Financial mentors are urging people to seek advice as many households remain under pressure due to the impacts of Covid-19.
The organisation Bay Financial Mentors Tau Awhi Noa has been operating in the Bay of Plenty region for 50 years.
General manager Shirley McCombe said financial assistance was not just for beneficiaries and those on low incomes.
"There's a whole lot of people who would never have engaged with our service before and if you ask them what we did, they wouldn't really know.
"But there are a whole lot of people that, for the very first time in their lives, are going 'holy cow, I don't think I can pay my rent this week, I don't think I can put food on the table or I don't know where to go from here'."
She said people should not feel ashamed for seeking help and said she would like to see better financial literacy taught in schools and prisons to break the cycle.
"I think it's great for kids to learn about shares and diversified portfolios, and all that kind of stuff but actually, just the basic stuff about making decisions around money.
"I was at a school talking a while ago to the 15 year old age group and we were talking about interest rates, and they really didn't understand how interest works, or about mortgages and we see a lot of people signing up for loans that get in huge trouble because of not understanding the impacts of interest rates."
McCombe also said funding for the current services available to people was desperately needed.
"There's something like 200 organisations like ours throughout the country and some of them are not funded at all, they work purely on a volunteer basis.
"We had increased funding during Covid, but that's all about to stop and as we all know, the crisis is not over. So I would love to see that funding brought up to a level where it was sustainable, where we didn't have to beg, steal and borrow to get by."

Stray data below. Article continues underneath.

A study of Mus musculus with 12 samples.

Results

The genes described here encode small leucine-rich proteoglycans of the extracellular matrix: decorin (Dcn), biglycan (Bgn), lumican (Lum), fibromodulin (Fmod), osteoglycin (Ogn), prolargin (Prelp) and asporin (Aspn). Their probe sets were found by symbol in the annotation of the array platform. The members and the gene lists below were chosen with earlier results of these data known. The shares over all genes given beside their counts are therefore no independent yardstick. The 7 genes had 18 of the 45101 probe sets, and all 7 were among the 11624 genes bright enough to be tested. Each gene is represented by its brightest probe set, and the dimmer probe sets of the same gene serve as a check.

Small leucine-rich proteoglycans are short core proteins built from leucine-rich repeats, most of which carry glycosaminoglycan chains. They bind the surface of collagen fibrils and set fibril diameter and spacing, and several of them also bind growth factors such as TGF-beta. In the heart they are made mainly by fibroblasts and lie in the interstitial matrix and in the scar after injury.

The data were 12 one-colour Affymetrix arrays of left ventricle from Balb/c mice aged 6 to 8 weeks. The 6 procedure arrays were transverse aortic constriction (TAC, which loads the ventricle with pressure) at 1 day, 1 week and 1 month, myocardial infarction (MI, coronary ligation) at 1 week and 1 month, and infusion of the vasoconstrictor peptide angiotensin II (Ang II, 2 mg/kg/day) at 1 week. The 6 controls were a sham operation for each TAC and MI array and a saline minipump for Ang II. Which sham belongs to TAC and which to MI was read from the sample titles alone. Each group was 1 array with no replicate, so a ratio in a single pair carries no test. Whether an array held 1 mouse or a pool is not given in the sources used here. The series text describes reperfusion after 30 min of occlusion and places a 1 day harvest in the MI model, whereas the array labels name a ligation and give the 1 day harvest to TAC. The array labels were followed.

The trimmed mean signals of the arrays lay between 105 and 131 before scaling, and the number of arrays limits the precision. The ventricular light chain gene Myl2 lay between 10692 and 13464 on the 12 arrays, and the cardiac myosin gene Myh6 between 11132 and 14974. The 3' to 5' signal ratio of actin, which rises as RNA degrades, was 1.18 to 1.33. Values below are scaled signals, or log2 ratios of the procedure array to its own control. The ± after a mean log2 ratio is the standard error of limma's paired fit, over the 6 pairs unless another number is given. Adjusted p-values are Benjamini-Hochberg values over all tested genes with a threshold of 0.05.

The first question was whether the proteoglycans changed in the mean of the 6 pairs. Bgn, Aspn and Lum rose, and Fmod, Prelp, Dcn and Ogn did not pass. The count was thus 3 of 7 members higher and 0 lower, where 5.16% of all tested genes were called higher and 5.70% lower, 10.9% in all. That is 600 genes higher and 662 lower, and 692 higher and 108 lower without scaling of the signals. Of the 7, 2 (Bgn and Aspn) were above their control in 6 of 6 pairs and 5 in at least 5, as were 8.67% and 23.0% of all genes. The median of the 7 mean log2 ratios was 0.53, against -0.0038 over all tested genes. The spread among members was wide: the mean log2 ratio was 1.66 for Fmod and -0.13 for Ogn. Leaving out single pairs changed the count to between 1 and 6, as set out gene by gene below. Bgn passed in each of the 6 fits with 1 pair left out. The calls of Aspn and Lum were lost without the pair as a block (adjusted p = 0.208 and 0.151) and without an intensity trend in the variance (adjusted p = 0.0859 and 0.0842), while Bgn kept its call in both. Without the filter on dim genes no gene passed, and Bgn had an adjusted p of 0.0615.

Bay Financial Mentors Tau Awhi Noa was formerly known as Tauranga Budget Advisory Services.
McCombe said the name change, which took effect on the organisation's 50th anniversary signalled the reciprocal nature of the relationship with their clients, the desire to incorporate Te Tiriti o Waitangi and Tikanga Māori into their practice, and a commitment to whanaungatanga (the importance of relationships), manaakitanga (respect and generosity) and kotahitanga (unity).
She also said it was important to move away from the term "budget advisors" because the services provided were more than just budgeting.
"The word budget is aptly with the word diet... it's about going without, it feels like punishing yourself, I guess and it's a very old fashioned idea of going along to somebody who works out what comes in and what goes out and tells you all the things you're doing wrong and sends you on your way.
"And that is absolutely what we're not about these days, we spend a great majority of our time advocating for people, providing education, negotiation, all those sorts of things. So the budgeting itself, is a small part of a much bigger picture."